Max Scherzer wins AL Cy Young Award

26 Comments

Max Scherzer became the second Tiger in three years to claim the AL Cy Young Award on Wednesday, picking up 28 of the 30 first-place votes to easily outdistance the Rangers’ Yu Darvish and Seattle’s Hisashi Iwakuma.

Darvish was second on 19 ballots to finish as the runner up to Scherzer. Iwakuma was third, getting just six picks for second place. Oddly, the two non-Scherzer first place votes didn’t go to either. Anibal Sanchez got one and finished fourth in the balloting. Chris Sale got the other and finished fifth.

With Miguel Cabrera expected to win his second straight MVP award tomorrow, Tigers players will have claimed five of the last six MVPs and Cy Young Awards handed out by AL voters. Justin Verlander won both MVP and Cy Young in 2011. Before that, the Tigers had been without a winner in either category since Willie Hernandez swept both awards in 1984.

The only non-Tiger to win AL MVP or Cy in the last three years was the Rays’ David Price in 2012.

Scherzer went 21-3, leading the AL in victories by three, to make his selection a no-brainer for a certain portion of the voters. But while the other stats don’t necessarily point to him as the AL’s best pitcher, they don’t clearly point to anyone else either. Scherzer finished fifth in the league in ERA at 2.90, but he did that it a hitter’s park with a poor defense behind him. He was also first in WHIP and second to Darvish in strikeouts. Fangraphs WAR had Scherzer as the AL’s top pitcher, while Baseball-reference WAR had Iwakuma first.

The Giants are considering Pablo Sandoval at second base

AP Images
Leave a comment

Pablo Sandoval could be tabbed to play second base in the near future, per a report from John Shea of the San Francisco Chronicle. According to Shea, Sandoval has been spotted taking grounders at second during pre-game warm-ups and may be considering switching to the keystone on a part-time basis.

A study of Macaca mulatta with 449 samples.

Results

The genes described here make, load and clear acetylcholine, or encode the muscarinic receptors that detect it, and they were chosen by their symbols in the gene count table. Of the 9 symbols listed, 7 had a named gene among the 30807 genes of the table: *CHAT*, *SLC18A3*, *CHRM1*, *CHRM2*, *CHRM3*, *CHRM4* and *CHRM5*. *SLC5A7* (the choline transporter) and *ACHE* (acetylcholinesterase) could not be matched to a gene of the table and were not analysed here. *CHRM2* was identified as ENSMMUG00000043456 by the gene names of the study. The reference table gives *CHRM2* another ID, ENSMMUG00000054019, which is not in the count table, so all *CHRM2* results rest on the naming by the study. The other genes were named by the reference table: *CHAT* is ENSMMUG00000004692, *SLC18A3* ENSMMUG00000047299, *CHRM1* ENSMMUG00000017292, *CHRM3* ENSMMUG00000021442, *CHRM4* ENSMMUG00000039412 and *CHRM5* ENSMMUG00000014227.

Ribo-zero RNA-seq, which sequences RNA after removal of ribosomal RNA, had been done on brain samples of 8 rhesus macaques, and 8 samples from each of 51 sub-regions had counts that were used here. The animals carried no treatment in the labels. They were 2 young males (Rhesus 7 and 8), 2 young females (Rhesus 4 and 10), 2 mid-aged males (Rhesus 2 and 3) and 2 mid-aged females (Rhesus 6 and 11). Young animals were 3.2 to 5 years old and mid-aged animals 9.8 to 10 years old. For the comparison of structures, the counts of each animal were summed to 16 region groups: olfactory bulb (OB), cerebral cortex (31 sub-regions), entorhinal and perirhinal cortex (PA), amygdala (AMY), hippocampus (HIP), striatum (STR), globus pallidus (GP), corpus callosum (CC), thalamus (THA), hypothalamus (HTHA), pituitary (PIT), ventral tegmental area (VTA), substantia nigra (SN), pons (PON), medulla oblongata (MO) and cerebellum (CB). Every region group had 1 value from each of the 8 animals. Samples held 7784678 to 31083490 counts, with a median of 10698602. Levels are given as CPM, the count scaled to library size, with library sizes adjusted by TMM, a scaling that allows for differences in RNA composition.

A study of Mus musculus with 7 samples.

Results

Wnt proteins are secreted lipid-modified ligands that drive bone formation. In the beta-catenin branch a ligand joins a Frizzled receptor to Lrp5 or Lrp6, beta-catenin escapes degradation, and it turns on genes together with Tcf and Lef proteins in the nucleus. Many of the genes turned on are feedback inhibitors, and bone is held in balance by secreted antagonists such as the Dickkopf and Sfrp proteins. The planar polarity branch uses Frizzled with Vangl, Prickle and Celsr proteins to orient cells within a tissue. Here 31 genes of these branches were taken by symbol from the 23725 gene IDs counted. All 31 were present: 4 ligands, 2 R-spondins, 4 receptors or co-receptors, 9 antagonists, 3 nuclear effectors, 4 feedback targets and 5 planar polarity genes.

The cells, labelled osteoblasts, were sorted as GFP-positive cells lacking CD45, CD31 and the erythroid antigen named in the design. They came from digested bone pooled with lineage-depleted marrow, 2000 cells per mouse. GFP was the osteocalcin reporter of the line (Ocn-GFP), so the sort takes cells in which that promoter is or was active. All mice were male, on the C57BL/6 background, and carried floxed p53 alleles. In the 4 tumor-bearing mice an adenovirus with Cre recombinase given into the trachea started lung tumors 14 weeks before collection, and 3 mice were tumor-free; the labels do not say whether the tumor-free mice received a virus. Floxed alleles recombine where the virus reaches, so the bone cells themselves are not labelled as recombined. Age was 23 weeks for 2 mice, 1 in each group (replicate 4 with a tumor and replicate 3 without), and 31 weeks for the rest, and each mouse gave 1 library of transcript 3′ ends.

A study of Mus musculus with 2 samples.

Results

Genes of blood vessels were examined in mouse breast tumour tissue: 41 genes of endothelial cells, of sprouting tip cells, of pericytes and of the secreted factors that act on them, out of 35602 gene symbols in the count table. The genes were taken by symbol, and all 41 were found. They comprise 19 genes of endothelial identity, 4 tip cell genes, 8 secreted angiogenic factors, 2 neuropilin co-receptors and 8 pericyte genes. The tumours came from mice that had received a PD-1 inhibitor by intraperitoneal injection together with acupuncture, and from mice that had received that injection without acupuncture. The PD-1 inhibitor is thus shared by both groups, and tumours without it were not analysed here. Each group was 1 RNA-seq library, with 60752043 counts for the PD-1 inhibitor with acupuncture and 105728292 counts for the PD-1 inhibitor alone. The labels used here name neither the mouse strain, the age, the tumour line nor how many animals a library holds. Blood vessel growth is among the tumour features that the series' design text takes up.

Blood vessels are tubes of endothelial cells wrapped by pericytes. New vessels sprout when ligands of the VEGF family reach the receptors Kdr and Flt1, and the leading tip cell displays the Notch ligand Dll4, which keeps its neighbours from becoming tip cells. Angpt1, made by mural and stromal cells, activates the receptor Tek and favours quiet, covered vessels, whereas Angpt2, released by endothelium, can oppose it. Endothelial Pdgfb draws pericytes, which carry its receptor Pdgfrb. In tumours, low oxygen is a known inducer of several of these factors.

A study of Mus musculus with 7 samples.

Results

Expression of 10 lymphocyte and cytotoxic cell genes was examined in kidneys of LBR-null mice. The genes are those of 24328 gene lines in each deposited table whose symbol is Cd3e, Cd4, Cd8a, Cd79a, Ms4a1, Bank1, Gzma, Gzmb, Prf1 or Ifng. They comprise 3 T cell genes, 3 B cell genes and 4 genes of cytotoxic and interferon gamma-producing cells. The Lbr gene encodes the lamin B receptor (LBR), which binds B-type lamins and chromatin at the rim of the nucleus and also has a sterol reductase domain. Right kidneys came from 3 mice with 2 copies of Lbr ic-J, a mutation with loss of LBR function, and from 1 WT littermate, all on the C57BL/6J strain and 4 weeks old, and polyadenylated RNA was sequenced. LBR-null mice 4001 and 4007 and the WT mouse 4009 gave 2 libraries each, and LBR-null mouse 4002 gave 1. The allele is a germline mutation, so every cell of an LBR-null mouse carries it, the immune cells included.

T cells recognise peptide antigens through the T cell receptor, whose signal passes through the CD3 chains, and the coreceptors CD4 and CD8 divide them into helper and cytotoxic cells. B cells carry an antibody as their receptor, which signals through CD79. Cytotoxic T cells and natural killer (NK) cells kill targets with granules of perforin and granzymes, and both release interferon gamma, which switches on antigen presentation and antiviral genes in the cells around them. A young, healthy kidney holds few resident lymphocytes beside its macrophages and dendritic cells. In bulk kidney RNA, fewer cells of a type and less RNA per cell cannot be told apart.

It wouldn’t be the weirdest thing the 31-year-old corner infielder has done this year — that distinction goes to the flawless inning of relief he pitched in a blowout loss against the Dodgers last month. But it would represent a pretty notable departure from his comfort zone even so; Sandoval has primarily manned first and third base throughout his 11-year career in the majors and has also taken a few reps at DH during his resurgence with the Giants in 2018.

Of course, this wouldn’t necessarily be a permanent switch for Sandoval. As Shea points out, the Giants are thin on middle infielders after losing Joe Panik to a torn UCL in his left thumb and backup Alen Hanson to a left hamstring strain. Provided he can get up to speed quickly (no easy feat, according to infield coach Ron Wotus), he’d give the club some added depth behind Kelby Tomlinson and Miguel Gomez until Panik is ready to take the field again. Sandoval has impressed at the plate this spring, batting a healthy .270/.329/.429 with six extra-base hits and a .757 through 70 plate appearances.